Residents of Barrett, Pennsylvania, sold t-shirts to help local police defray costs associated with a recent manhunt.
Back in September, Barrett Township, in Pennsylvania, was the center of a manhunt for an armed fugitive and adopted the motto “Barrett Proud.” When the suspect was caught, in October, the entire region appropriated it and dubbed itself “Pocono Proud.”
This week The New York Timesreported that after an 11-year-old Indiana boy, Calvin Clark, suffered a severe head injury in a foo…
Last week in this space I regretted the lack of an acronym identifying the fields of the humanities, an acronym that would be a counterpart to the scientists’ successful STEM: Science, Technology, Engineering and Math. A hundred readers joined in the discussion, and one, I think, came up with the answer to our prayers: RAPHAEL.
It would signify:
R – Religion A – Art P – Philosophy H – History A – Aesthetics E – English L -Languages
I remarked in a recent post that the reason I spend time disputing silly things people say about English grammar is that I take seriously my job description as a professor. But I’ve actually been working to rebut silly claims about language (not just English) since I was an undergraduate.
In the 1956 British edition of The Guinness Book of Records, which I browsed for hours when I was a boy, the section on language (Page 118) has an entry headed MOST PRIMITIVE LANGUAGE. The rosette for “probabl…
“I love how that goat just nopes out of that situation.” And I love the ring of a newly hatched bit of slang that hasn’t even received its Urban Dictionary definition yet. Here, at its inception, nopes out doesn’t yet sound juvenile to me, or evasive, or overused, or imprecise; it hasn’t yet earned any of the pejoratives that purists may hurl its way if and when it becomes as widespread in the language as amazeballs or totes. Rather, it describes a quick series of actions that seem to have been …
A few days ago I happened upon a brief essay by Borges called “On Dubbing,” in which he lambasts the then-recent Hollywood invention (the essay was written in 1945) of devising “monsters which combine the illustrious features of Greta Garbo with the voice of Aldonza Lorenzo.” Borges calls the mechanism “a malignant artifice” (un maligno artificio). He asks, sarcastically, “How can we fail to profess our admiration for this painful prodigy, for these ingenious phono-visual anomalies?”
Last week, I suggested that we got ourselves into trouble trying to distinguish between disinterest and uninterest because multiple meanings of the word interest put both prefixes at a disadvantage when it comes to drawing bright, clear lines of meaning. Now I’ll wade into muddier waters. Much ink has been spilt over the use or abuse of the passive voice in English. I’d like to propose two notions that, held in balance, might decrease our level of apoplexy:
Caravaggio’s “Narcissus.” The encyclopedia made us look outward.
No, it’s not what you think. It’s the creeping insistence that everything needs its own encyclopedia.
Older readers of Lingua Franca will remember the era of multivolume encyclopedias. Some of you may have grown up with classy sets of Britannicas. Others may have had their parents acquire a humbler set of Funk & Wagnalls, one volume at a time, at the grocery store, as mine did. The books were offered week by week, letter by letter,…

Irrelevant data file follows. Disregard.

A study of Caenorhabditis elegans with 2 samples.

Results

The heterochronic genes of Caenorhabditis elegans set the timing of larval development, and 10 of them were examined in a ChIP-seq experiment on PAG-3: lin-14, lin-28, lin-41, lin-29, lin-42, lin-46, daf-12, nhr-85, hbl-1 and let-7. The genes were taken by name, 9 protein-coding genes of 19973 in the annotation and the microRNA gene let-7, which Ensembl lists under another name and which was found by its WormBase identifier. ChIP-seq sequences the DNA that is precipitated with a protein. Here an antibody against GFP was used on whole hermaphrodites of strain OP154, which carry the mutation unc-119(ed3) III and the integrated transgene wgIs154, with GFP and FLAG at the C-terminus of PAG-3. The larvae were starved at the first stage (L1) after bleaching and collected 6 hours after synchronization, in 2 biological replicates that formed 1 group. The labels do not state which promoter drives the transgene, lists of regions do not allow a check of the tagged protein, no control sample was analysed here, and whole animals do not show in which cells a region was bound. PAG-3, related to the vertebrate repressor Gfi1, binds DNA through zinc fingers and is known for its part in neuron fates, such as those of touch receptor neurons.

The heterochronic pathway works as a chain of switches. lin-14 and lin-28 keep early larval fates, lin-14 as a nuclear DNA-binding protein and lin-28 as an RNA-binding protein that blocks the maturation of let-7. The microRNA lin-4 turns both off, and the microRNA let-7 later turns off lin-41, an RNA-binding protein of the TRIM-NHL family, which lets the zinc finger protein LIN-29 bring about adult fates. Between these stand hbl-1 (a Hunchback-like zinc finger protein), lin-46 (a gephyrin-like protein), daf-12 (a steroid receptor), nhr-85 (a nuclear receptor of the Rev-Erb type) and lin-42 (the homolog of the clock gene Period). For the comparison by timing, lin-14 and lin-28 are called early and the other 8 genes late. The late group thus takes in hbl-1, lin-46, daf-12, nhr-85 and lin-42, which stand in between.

As long as I can remember, the humanities have felt neglected at our colleges and universities—underfunded, underenrolled, underappreciated by those who want a “practical” education.
Recently the sciences have felt neglected too, at least in the matter of enrollment. We have too few young people aiming for careers in science, they say. So, unlike the humanists, they did something practical about it. They created an acronym: STEM. It stands for Science, Technology, Engineering and Mathematics. It…
Mention an interest in grammar education to most people and they will assume you are concerned about incorrect use of English. What concerns me, by contrast, is the incompetence of those who pontificate about it and set quizzes on it. Google fetches more than 300,000 hits for the term "grammar quiz"; yet if quizzes on chemistry were as uninformed as those on grammar, they would ask silly questions on peripheral topics (“Who is the Bunsen burner named after?”), and would make no reference to the …
Anne Curzan is a professor of English at the University of Michigan, where she also holds appointments in linguistics and the School of Education. Her publications include Gender Shifts in the History of English and How English Works: A Linguistic Introduction. She talks about trends in the English language in a weekly segment, "That's What They Say," on Michigan Radio. View her TEDx talk on language here.
William Germano is dean of humanities and social sciences and a professor of English literature at Cooper Union. His most recent books are The Tales of Hoffmann (2013, BFI Film Classics) and a second edition of From Dissertation to Book (2013, University of Chicago Press).
Rose Jacobs is an American freelance journalist and English teacher at the Technical University of Munich. Before moving to Germany, she worked for the Financial Times as a reporter and editor, in New York and London.
Ilan Stavans is a professor of Latin American and Latino culture at Amherst College. His books include Spanglish: The Making of a New American Language and Dictionary Days: A Defining Passion. He is general editor of The Norton Anthology of Latino Literature and the publisher of Restless Books, a digital imprint devoted to contemporary literature from around the world.